Brain Games Asks: Are You Smarter Than a London Cabbie?
Brain Games, National Geographic Channel’s hit series which seeks to answer some of the most fascinating questions regarding one of our most perplexing organs, made a triumphant return last night. For its fifth season premiere, host Jason Silva took the show on the road to London, where participants helped to demonstrate a variety of functions related to the brain, including how to control one’s startle response and the importance the hippocampus plays in memory.
For the latter experiment, mental_floss was on the set at Hever Castle, the childhood home of Anne Boleyn in Kent, where three individuals—a 10-year-old puzzle enthusiast, a Ph.D. math student, and a longtime London taxi driver—were tasked with running through a 100-year-old Yew Maze, following the exact path mapped out by the show, without making a mistake.
In the end, it was the cabbie, Mark, who emerged victorious. Which was hardly surprising to Dr. Rebecca Knight, who studies memory at the University of Hertfordshire, and was on hand to oversee the maze run.
“If you’re trying to remember what you did last weekend or how you celebrated your last birthday, [those memories] will always have two components to them,” Knight explained. “One is a time component and one is a spatial component. And that memory requires a part of the brain called the hippocampus.”
The hippocampus, which Silva described as the place “where your brain processes memory,” is of particular importance to London taxi drivers. “In order to become a London cabbie, you need to pass a test called The Knowledge, which would require a cabbie to memorize the location of over 25,000 streets [and landmarks] in London,” Knight said. “So they’re excellent navigators.”
Officially known as the Knowledge of London Examination System, the world’s toughest geography test requires years of study and often takes as many as a dozen attempts to pass. (Even then, only about 50 percent of people actually pass it.) It’s a long and difficult process, but one that has piqued the interest of neuroscientists.
In 2000, researchers at the University of London determined that studying for The Knowledge caused the cab drivers’ gray matter to enlarge in order to store a full map of the city. “There seems to be a definite relationship between the navigating they do as a taxi driver and the brain changes,” lead researcher Dr. Eleanor Maguire told the BBC. “The hippocampus has changed its structure to accommodate their huge amount of navigating experience.”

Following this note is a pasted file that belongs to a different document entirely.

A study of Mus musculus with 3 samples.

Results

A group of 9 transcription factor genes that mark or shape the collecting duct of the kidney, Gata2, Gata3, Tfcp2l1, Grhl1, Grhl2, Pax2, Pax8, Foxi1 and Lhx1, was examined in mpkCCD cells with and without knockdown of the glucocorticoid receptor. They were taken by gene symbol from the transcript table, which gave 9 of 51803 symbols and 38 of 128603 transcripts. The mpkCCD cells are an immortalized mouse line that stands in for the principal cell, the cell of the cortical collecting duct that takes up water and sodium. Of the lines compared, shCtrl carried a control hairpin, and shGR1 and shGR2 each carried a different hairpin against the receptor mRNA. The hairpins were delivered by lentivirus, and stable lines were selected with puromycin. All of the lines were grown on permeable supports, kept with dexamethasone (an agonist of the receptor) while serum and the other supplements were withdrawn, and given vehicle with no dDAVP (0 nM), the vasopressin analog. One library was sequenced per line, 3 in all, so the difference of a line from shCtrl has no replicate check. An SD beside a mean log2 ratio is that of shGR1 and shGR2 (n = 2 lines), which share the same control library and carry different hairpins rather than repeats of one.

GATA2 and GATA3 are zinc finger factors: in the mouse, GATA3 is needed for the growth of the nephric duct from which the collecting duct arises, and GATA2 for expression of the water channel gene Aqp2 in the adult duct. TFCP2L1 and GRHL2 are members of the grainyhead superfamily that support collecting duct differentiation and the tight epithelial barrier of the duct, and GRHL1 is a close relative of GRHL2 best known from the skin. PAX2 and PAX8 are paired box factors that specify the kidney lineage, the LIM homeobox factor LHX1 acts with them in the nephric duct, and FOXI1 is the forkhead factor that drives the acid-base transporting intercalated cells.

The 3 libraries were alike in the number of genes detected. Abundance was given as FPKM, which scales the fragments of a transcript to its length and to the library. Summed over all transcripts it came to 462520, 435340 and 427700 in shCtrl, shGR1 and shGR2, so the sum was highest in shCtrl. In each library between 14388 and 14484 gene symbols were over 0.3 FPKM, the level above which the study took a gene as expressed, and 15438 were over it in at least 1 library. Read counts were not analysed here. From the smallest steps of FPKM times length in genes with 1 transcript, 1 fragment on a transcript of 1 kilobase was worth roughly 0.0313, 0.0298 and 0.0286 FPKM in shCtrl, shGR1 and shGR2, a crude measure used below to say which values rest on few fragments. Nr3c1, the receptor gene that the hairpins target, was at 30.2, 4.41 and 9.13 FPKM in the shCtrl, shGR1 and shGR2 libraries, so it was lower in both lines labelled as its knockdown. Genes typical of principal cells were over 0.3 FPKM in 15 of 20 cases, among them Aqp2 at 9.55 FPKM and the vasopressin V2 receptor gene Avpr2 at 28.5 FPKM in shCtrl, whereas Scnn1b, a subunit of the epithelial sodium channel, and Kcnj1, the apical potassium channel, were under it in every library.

Maguire continued to study the link between navigating London’s labyrinthine streets and brain structure over the next decade. In 2011, she and Dr. Katherine Woollett published a study in Current Biology, which suggested that learning, even in later life, can alter one’s brain structure.
“By following  trainee taxi drivers over time as they acquired—or failed to acquire—The Knowledge, a uniquely challenging spatial memory task, we have seen directly and within individuals how the structure of the hippocampus can change with external stimulation,” Maguire said. “This offers encouragement for adults who want to learn new skills later in life. What is not clear is whether those trainees who became fully-fledged taxi drivers had some biological advantage over those who failed. Could it be, for example, that they have a genetic predisposition towards having a more adaptable, ‘plastic’ brain? In other words, the perennial question of 'nature versus nurture' is still open.”
One only hopes that Maguire and her colleagues have time to determine that. In late 2015, the Greater London Authority Conservatives suggested that The Knowledge be done away with altogether, calling the test "archaic" in the age of GPS. In response, a representative for London’s black-cab drivers said that they were “stunned and shocked” by the suggestion.
"I drive a London taxi,” Brian Nayar, a cabbie and Knowledge instructor, told NPR. “But I'm also an ambassador for this great city that we work and live in, and you can't get that from a GPS."
Brain Games airs on National Geographic Channel on Sundays at 9 p.m. ET/8 p.m. CT.